Warners has hired competing screenwriters for their post-Dawn of Justice Aquaman movie. That’s super crappy for the writers (and really all writers), but it’s also another sign that the studio hasn’t planned out their break-neck push into connected superhero universes beyond cameo (and subplot) introductions for a shotgun blast of potential Justice League members in a movie supposedly focused on Batman and Superman.
Drew McWeeny compared the process to a reality show (picture an anthropomorphic script doing a rose-less walk of shame), and I agree 100%. While far from conclusive, the method points to another shaky element of Warners’ planning. Specifically, that they have no firm planning. Meanwhile, they’re pointing their bat to the bleachers.
To be fair, while they’ve hired differently-skilled (yet pulpy) writers in Will Beall (Gangster Squad) and Kurt Johnstad (300), it’s unlikely that their personal styles will stray too far from each other.
The issue is that — with our first look at Aquaman filming right now for a 2016 release, and the potential for a feature Aquaman film coming that same year — the studio seems to be hedging its bets instead of utilizing a singular vision of what they want the character to be. He won’t need to be encapsulated by his appearance alongside Batman and Superman (we’re not even sure he won’t simply show up long enough to wave while swimming in a lap pool), but this development is another sign that Warners is more beholden to a list of release dates for Untitleds than to a true, overarching blueprint for how their cinematic superworlds will cohere.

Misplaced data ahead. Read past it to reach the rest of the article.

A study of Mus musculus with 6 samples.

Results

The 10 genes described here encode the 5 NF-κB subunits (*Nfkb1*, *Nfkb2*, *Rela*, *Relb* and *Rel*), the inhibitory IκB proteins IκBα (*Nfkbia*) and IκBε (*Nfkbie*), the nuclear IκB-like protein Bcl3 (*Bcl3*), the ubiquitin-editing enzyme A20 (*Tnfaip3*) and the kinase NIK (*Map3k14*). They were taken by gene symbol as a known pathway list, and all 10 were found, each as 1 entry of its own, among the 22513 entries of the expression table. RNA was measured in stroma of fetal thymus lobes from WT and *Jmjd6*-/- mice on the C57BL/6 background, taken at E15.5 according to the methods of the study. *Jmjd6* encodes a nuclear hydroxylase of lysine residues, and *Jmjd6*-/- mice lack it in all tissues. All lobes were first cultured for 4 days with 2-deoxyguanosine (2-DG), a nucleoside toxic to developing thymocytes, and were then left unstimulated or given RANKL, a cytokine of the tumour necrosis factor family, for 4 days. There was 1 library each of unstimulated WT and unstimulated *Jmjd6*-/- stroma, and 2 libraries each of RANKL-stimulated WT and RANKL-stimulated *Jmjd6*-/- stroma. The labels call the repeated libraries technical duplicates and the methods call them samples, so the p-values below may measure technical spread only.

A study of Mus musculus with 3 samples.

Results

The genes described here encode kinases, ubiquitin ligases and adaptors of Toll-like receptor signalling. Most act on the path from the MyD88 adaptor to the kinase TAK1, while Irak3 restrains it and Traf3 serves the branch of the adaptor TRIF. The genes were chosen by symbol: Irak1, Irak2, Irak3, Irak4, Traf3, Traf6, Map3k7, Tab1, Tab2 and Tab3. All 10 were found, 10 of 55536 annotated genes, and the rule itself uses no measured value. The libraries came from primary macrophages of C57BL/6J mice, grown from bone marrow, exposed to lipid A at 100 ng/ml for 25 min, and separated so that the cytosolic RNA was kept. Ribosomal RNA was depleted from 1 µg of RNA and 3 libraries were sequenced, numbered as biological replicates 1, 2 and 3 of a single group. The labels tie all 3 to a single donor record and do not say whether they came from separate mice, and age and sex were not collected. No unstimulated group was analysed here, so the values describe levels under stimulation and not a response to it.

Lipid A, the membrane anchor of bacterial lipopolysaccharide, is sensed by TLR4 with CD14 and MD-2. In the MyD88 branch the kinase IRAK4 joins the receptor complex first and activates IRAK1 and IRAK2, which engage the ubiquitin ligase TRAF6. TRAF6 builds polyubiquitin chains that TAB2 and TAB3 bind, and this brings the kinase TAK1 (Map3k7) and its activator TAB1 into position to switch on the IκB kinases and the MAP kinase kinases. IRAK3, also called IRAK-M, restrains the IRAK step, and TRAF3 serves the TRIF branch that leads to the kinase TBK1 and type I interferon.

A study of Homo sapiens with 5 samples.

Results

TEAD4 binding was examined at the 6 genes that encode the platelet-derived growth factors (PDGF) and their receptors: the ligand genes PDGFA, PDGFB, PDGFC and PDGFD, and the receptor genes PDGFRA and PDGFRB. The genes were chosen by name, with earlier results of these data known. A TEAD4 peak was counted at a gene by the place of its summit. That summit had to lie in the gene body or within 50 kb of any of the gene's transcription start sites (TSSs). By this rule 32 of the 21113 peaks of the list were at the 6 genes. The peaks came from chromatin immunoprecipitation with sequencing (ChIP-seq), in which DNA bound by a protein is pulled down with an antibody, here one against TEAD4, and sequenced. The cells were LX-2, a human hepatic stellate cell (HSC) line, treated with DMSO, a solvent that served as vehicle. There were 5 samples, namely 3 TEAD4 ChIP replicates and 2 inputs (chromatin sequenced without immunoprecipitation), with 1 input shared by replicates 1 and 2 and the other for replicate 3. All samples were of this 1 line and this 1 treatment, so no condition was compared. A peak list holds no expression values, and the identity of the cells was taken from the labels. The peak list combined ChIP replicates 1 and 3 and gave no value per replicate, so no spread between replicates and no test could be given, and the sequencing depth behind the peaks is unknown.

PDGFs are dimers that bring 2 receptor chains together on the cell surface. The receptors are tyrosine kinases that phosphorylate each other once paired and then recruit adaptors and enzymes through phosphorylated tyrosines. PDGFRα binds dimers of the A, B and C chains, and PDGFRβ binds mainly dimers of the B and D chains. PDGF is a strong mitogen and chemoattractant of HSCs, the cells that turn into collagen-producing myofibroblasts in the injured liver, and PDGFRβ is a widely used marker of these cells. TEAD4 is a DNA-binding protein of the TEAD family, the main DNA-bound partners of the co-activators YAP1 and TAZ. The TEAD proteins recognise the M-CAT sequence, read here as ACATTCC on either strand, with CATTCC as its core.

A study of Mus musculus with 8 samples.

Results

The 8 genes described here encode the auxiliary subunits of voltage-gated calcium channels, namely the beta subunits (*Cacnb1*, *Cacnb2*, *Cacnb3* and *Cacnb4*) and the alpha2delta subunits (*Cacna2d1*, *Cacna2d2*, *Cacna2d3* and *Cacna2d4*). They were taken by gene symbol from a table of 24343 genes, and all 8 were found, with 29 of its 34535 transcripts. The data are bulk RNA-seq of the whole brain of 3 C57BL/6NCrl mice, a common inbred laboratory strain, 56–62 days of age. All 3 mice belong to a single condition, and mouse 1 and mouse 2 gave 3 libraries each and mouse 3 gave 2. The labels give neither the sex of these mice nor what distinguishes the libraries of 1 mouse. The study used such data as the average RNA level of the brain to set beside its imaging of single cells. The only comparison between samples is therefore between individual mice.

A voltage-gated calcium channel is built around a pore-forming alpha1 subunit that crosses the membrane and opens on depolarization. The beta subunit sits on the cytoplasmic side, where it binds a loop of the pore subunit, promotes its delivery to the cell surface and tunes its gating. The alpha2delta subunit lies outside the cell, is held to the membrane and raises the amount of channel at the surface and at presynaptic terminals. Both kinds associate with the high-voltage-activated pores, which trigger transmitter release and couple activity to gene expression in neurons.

Considering the timing, it’s very well possible that they’re planning Aquaman to be their other 2016 release — hitting theaters a few months after Dawn of Justice. (Wonder Woman is the only other likely candidate.)
If that’s the case, it gives them two years to go from concept to premiere. That doesn’t feel like a tight enough time crunch to necessitate doubling their workload and chances of finding the right script, so I’m at a loss why they’ve done it this way. Especially considering that if Wonder Woman is their go-to for 2016, we won’t see Aquaman until at least summer of 2017.
Pure speculation: the indecision falls on two powerful enough sides of the line to facilitate a non-traditional development process. For example (and only example), if DC Entertainment chief Diane Nelson wanted one while Zack Snyder lobbied for the other. Somewhere in the decision chain the natural loser had a champion with enough leverage to keep him on the block for one more round. The alternative is that DC and Warners designed it so that two writers would be fighting for the property beyond the pitch stage. Since that’s heinous, I choose to believe something else is at work.